Some people (including my mother) have expressed concern over the fact that we’ve adopted a pit bull. There have been questions like, is your landlord okay with it? Are you sure it’s a good choice for a first dog? Aren’t you worried about having kids later? What if she bites another dog? What if she bites a person? How do you know she’s safe? This is my attempt to address this.
When I was very young, our neighbors raised Rottweilers. For several years there were three or four of them running around their property and they would often come over into our yard and hang out with me. Whatever concerns my parents might have had were quickly assuaged when they realized that the dogs looked out for me. They would literally follow me around the property and keep me from doing stupid stuff like falling into the creek. My parents could actually leave me alone outside with them like they were canine babysitters. I did get bitten by a dog once when I was a kid, but it was an Irish Setter mix that belonged to the guy who used to mow our lawn. The rottweilers never even bared their teeth.
All this is to say that I have never been one to put much stock in the “vicious dog breed” trope. In fact, I think those rottweilers are the reason that I love dogs, especially big ones.
When we started looking at rescue dogs in our area, it immediately became apparent that an overwhelming number of the available shelter dogs were pit bulls or pit bull mixes. Though I wouldn’t have named them as my ideal dog breed when we started looking, I was never opposed to them either. The biggest concern from my point of view was whether or not it would be a problem with our landlords. At first it appeared that it would be – almost all landlords in the area have breed restrictions for pits and rotties. Then I noticed that one of our upstairs neighbors have a pit bull, and it quickly became apparent that our eastern european landlords have no idea what a pit bull actually look like. For the record – they’ve now met Zora, adore her, and it’s not going to be a problem.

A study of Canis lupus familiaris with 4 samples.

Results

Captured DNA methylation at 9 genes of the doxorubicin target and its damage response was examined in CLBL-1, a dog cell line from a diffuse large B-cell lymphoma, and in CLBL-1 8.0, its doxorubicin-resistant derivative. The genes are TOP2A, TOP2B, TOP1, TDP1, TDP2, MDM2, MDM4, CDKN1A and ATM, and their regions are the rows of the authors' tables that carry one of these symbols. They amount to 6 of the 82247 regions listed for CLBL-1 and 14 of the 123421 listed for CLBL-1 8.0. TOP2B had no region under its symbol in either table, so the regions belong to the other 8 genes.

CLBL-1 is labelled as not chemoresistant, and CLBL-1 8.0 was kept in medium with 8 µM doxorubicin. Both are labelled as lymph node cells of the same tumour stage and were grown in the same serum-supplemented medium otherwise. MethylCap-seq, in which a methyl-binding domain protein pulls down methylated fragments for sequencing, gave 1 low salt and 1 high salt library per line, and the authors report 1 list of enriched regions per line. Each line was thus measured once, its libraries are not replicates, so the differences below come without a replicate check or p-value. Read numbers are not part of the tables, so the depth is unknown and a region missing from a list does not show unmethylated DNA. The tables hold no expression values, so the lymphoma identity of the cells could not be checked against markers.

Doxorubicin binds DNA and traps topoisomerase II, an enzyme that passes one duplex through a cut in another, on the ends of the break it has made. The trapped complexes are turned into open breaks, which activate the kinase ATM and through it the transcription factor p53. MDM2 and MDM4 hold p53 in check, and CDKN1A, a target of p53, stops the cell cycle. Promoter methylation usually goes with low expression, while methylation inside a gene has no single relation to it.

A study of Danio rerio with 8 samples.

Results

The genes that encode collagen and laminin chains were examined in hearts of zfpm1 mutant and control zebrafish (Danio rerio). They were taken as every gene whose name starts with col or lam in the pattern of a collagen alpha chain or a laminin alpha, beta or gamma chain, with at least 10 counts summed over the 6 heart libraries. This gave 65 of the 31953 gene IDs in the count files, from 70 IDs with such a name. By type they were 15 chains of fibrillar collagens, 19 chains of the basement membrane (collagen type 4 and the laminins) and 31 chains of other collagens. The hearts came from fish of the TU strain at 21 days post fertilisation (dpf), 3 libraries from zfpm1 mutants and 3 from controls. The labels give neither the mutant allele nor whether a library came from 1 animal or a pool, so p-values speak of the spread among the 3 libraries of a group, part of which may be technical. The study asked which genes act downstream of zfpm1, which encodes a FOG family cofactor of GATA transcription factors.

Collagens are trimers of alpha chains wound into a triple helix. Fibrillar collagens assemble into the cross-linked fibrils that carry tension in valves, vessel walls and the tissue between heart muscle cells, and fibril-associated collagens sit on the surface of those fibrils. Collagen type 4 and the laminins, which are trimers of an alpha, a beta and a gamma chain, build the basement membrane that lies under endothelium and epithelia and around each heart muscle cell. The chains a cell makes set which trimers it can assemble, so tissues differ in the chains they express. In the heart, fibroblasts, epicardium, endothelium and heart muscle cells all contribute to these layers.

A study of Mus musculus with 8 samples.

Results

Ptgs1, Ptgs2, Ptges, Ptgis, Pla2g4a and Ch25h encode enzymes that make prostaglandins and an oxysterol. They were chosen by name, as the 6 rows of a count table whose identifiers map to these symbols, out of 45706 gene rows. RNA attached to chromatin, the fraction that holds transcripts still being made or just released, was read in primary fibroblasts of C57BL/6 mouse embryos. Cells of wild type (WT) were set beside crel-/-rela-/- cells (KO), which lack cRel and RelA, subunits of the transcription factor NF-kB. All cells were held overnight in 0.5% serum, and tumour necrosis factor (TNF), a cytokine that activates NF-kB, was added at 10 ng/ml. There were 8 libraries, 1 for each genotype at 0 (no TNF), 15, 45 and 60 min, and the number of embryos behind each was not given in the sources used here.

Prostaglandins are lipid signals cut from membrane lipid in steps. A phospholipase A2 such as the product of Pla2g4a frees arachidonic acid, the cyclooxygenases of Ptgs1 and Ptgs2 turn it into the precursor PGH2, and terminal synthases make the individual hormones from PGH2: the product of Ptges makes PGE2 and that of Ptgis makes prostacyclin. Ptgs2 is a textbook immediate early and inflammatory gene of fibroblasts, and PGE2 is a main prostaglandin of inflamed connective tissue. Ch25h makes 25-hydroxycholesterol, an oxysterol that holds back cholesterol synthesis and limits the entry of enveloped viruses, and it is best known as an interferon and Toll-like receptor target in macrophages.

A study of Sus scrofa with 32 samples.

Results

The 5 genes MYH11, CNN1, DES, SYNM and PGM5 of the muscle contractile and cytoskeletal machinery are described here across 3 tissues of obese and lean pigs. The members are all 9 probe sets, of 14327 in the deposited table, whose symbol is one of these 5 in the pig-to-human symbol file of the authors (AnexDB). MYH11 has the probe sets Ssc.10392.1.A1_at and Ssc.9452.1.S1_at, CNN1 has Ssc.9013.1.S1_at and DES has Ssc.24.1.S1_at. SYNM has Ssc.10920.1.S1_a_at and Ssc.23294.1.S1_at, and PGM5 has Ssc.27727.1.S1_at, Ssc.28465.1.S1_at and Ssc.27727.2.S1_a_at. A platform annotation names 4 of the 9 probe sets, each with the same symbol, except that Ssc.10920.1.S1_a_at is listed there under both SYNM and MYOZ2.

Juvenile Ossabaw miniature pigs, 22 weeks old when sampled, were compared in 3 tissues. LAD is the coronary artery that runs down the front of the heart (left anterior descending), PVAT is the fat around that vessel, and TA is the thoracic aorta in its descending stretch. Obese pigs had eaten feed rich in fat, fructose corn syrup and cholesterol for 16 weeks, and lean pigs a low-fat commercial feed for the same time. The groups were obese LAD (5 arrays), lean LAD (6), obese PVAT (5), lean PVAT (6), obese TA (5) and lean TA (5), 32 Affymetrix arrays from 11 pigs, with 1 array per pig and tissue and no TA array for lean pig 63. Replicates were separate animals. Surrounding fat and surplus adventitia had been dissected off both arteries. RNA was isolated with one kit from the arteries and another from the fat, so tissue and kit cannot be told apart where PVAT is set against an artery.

With that in mind, we were open to considering it. My main concern then became whether we could find one with the right temperament – namely, one that didn’t need a fenced yard. Most pit bulls are high-energy, and we don’t have the space for a dog that needs room to run around. I also felt that if we adopted a pit, it would need to be one that had been in foster, or had been in the shelter long enough to have had its behavior observed at length. Zora was a foster, and the more we learned about her, the more we liked her. So far, it has been a wise decision.
Most of the time, you get a dog, and that’s it. With a pit bull, there are certain responsibilities. Zora has lived in a home with other dogs, and she was never used as a fighting dog, but still – she is never, ever, ever going to be outside without a leash. We’re not going to take her to a dog park. Even if she never demonstrates aggression, it’s not a risk I’m comfortable taking. I think everyone who owns a pit has a responsibility to the breed. I don’t want my carelessness with a dog to contribute to the bad press that damns so many wonderful, adoptable dogs to years in shelters and eventual euthanasia.
I will say this – Zora really is the sweetest, most people-loving dog I’ve ever met. Everyone at the shelter adored her, and when we came in to do the adoption paperwork many came out to say goodbye to her. All it takes to wag her tail is a glance in her direction – if you pet her, she’s in heaven. I’d heard that pit bulls are incredibly loving, but having seen it for myself now, I’m awed by it. When I think of the treatment she had in the past, and the abuse and neglect that thousands of other dogs like her have had to undergo because of idiot owners and misinformed potential adopters, not to mention the legislation in many cities across the country that prohibit people from even taking a chance on them, it breaks my heart.
I firmly believe that any dog can be a good dog, and that the ultimate responsibility for any dog lies with the owner. Too many people adopt or buy dogs without researching whether the breed and temperament will be a good fit for their lifestyle.
I hope that I, as a new pit bull owner, can help my dog be an ambassador for her much-maligned breed. I say help her, because I really think that all you might need to change your mind about pit bulls is five minutes on our couch with her. I’m just there to facilitate.